Poisons Found in Literature

Poisons Found in Literature

When you read a detective mystery novel, there are usually some familiar components in every story, no matter who the author is. We usually have a victim or victims. Someone who has crossed someone else and met their untimely demise. Then we have the murder weapon, the device used to achieve the victim's demise. The classic examples we are all familiar with are the gun and the knife, but what about poison? In this article, we will talk about some various poisons used over the years to off someone.

One benefit of poison is that it can be a rather long fuse. Villains can introduce the poison in small batches, hoping to achieve their end goal while not being around to watch its impact and hoping not to get caught in the act. After all, nobody wants to go to jail, they just want to get away with the crime.

Other aspects of using poison are that some poisons can mimic other incidents occurring in the body and hence may go undetected, thereby creating the perfect murder.

While several authors have used various poisons in their stories, the one that seems to do it the most is Agatha Christie. I found one of the first poisons I encountered her using in the novel The Mysterious Affair at Styles, and I will talk about it below.

Arsenic - a favourite among novelists and readers. If you ask someone to name a poison, Arsenic would probably be one of the ones they will list. The nasty mineral with atomic number 33 has appeared in The 4:50 from Paddington by Agatha Christie, Strong Poison by Dorothy Sayers, Murder is Easy by Agatha Christie and Poison à la Carte by Rex Stout.

Atropine - not as common as some others, this poison Agatha Christie brought into her novel The Thumb Mark of St. Peter. The substance occurs naturally in several plants, including the Nightshade species and can be linked to our poison below Belladonna in Deadly Nightshade.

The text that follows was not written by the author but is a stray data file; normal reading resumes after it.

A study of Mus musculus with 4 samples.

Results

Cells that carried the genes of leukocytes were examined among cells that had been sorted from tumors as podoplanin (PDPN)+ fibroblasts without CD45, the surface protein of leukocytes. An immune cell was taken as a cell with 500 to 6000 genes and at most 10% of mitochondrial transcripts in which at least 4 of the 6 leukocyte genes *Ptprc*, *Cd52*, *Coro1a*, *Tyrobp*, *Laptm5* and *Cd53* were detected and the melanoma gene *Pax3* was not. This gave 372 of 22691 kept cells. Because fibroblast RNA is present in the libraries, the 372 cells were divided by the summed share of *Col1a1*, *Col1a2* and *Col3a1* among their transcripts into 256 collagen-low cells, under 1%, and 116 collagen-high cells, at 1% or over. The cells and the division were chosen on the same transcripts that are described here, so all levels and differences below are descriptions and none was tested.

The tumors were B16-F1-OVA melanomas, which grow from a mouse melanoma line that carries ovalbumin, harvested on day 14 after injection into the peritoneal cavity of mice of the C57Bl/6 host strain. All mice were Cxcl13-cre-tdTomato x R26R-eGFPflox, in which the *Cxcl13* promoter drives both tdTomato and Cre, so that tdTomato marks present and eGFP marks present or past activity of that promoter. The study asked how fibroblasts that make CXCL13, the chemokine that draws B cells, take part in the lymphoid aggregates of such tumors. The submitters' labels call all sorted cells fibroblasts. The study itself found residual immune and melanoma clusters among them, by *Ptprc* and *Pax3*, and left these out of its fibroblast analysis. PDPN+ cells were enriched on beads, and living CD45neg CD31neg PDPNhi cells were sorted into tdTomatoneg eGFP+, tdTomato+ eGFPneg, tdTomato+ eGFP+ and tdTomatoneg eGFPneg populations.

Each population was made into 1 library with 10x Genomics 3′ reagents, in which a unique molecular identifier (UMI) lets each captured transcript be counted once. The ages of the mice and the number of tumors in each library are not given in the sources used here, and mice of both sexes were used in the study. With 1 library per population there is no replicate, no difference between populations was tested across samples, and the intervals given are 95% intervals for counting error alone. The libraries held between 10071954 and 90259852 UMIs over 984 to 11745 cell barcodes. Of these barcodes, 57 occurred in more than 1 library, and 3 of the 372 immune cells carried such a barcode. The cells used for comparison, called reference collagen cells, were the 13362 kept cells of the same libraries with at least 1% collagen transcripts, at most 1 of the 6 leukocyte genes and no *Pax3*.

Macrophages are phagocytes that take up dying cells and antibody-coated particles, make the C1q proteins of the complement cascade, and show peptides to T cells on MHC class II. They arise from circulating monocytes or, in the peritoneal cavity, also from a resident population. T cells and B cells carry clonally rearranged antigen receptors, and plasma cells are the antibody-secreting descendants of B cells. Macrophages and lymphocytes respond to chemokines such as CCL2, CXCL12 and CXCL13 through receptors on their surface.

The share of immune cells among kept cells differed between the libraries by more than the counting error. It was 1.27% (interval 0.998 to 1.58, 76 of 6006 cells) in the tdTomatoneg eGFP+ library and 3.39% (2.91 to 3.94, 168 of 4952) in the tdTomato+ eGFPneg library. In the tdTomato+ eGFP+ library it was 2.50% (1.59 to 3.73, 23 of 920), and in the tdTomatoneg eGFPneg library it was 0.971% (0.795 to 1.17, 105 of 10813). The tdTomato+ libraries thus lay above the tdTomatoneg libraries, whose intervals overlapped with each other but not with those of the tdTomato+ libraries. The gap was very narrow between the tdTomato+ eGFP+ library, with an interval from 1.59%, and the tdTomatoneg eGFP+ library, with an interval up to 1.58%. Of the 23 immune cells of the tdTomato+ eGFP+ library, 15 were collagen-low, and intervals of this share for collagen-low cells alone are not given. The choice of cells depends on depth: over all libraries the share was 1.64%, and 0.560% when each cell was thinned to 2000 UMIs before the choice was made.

Belladonna - is a poisonous plant, and Agatha Christie's readers became acquainted with the poison when they read her work entitled The Caribbean Mystery.

Cyanide - another lethal poison that readers may be familiar with from the spy genre when the captured secret agent bites down in the hidden cyanide capsule embedded in his teeth to avoid interrogation. The chemical compound has shown up in works by several authors, including Agatha Christie's the Yellow Iris and A Pocket Full of Rye. It was also in the novel Sparkling Cyanide.

Hemlock - is linked to several poisonous plants has often been cited as an ingredient in a witch's potion, but Agatha Christie shared it with us in her novel Five Little Pigs.

Insecticide - given that we use it to kill bugs and pests in our homes and garden, it really comes down to what you consider a pest to be? Is it the ants crawling around near your patio window or the nosey neighbour who is always sticking her nose in everyone's business? In the novel A Shroud for a Nightingale, P. D. James uses this poison on the list.

Phosphorus - another compound that Agatha Christie shared with her audience in the novel Dumb Witness.

Ricin - is produced in the seeds of the castor oil plant and this poison was the poison of choice by Agatha Christie in her novel The Case of Lurking Death.

Strychnine - a favourite among novelist, this poison has appeared in several works of fiction over the years. It was the poison that Agatha Christie used in The Mysterious Affair at Styles, Alexandre Dumas played with it in The Count of Monte Cristo, and Arthur Conan Doyle went for it in The Sign of Four.

Thallium - is a chemical element with the atomic number 81. This poison was made known to Agatha Christie's readers in the novel The Pale Horse.